Like many people that I’ve been hearing about recently, we got hit by some Internet usage overages. Currently, I’m on the Blast Plus package with Comcast. This provides for 300GB per month. That sounds like a lot, until you think of what streaming video adds up to. Comcast is charging $10 for an extra 50GB of transfer per month. We’ve hit that a couple of times this year. It’s time to tighten the belt to help prevent these overages.
The first step is being able to measure and examine the problem. Your network router within your house typically will allow you to produce reports. I reach my router by logging in through the browser interface at the address http://192.168.1.1. Your setup and router may be different so check your router’s manual. My router allows for three reports in the Traffic Manager: Real-time, Last 24-hours, and the Daily report that produces a summary per day. Unfortunately, the daily report has a bug in it that the totals are incorrect and are over-reported, but the 24-hour report is very useful to me.
Don’t worry about the spikes in traffic. Watch for long, heavy usage. That’s where video is buffering and is the source of the problem. On a side note, be on the lookout for odd traffic at odd times. That may be an indicator that some of your machines may be compromised. By turning each device in turn off at night, leaving certain systems on, it may help narrow down and identify the “heavy usage” culprit. Note that certain systems may do updates in the middle of the night.
The biggest bandwidth hogs are video. Period. It’s not the text content of websites. It’s not even pictures/images. Video is the bandwidth killer. The key to lowering Internet usage is to lower the video usage. We can either [A] not watch videos or [B] watch the videos in a lower resolution. Let’s go with option [B]!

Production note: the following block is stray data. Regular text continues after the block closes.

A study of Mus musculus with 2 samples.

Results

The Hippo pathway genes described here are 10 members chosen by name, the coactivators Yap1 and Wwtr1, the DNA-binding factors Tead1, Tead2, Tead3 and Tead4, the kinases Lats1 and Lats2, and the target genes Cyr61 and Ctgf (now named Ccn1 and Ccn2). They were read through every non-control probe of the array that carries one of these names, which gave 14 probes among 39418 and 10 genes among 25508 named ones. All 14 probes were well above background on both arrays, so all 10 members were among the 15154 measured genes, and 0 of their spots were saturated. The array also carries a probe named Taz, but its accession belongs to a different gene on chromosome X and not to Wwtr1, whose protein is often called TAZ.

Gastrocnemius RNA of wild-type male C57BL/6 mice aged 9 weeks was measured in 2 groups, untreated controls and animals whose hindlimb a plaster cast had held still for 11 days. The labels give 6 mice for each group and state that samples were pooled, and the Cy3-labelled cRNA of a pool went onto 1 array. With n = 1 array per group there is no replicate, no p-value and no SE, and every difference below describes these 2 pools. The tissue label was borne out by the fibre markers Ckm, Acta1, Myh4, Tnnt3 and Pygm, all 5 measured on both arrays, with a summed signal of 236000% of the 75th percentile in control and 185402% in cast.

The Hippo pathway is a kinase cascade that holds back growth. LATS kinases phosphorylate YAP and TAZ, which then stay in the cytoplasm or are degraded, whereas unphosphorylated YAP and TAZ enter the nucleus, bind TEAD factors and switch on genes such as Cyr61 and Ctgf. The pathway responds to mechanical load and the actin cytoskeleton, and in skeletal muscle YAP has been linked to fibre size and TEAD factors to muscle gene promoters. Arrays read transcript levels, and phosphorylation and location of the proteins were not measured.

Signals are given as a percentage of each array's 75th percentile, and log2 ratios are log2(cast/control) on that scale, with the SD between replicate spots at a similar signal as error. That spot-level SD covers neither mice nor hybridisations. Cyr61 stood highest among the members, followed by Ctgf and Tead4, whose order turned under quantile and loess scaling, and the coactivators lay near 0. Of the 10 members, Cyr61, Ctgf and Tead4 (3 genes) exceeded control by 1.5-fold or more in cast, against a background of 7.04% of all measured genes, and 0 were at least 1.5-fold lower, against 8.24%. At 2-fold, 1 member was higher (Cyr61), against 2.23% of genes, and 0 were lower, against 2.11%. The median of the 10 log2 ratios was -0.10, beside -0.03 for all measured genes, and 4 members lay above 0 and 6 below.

To lower your YouTube usage, log in to your account, and then click on your icon which is currently in the upper right of the browser page. Then choose the “Account Settings” menu option. Under the “Playback” option, choose the “I have a slow connection. Never play higher-quality video.” Then press the “Save” button to save your changes. I barely notice the difference in quality. Often times, I will hand-lower the resolution from 480p to 360p to further save on bandwidth. Make sure to do this for each YouTube account that you have in your house: Spouse, kids, dog, etc. They each need to make this change.
Next up is the settings of Netflix. Even if you use a smart TV, a Roku, or Kindle Fire TV, you change these settings from their website. Log in to Netflix, and then click on your icon in the upper right and go to “Your Account”. Click on the “Playback settings” menu option. Then choose the “Low” option under “Data Usage per Screen”. Click the “Save” button to save your settings.
What are the results? We went from using 10-17GB per day, to about 4-6GB per day. I barely notice the difference in video quality. Of course, I’m not really picky with my video quality. Your experience may differ.
It doesn’t hurt to have the DVD subscription of movies as well. That gives your Netflix viewing a break on certain nights. If you’re paying a lot in data overages, the DVD subscription may pay for itself.
I hope this helps. Let me know if I’ve missed any aspects on big savings in bandwidth usage.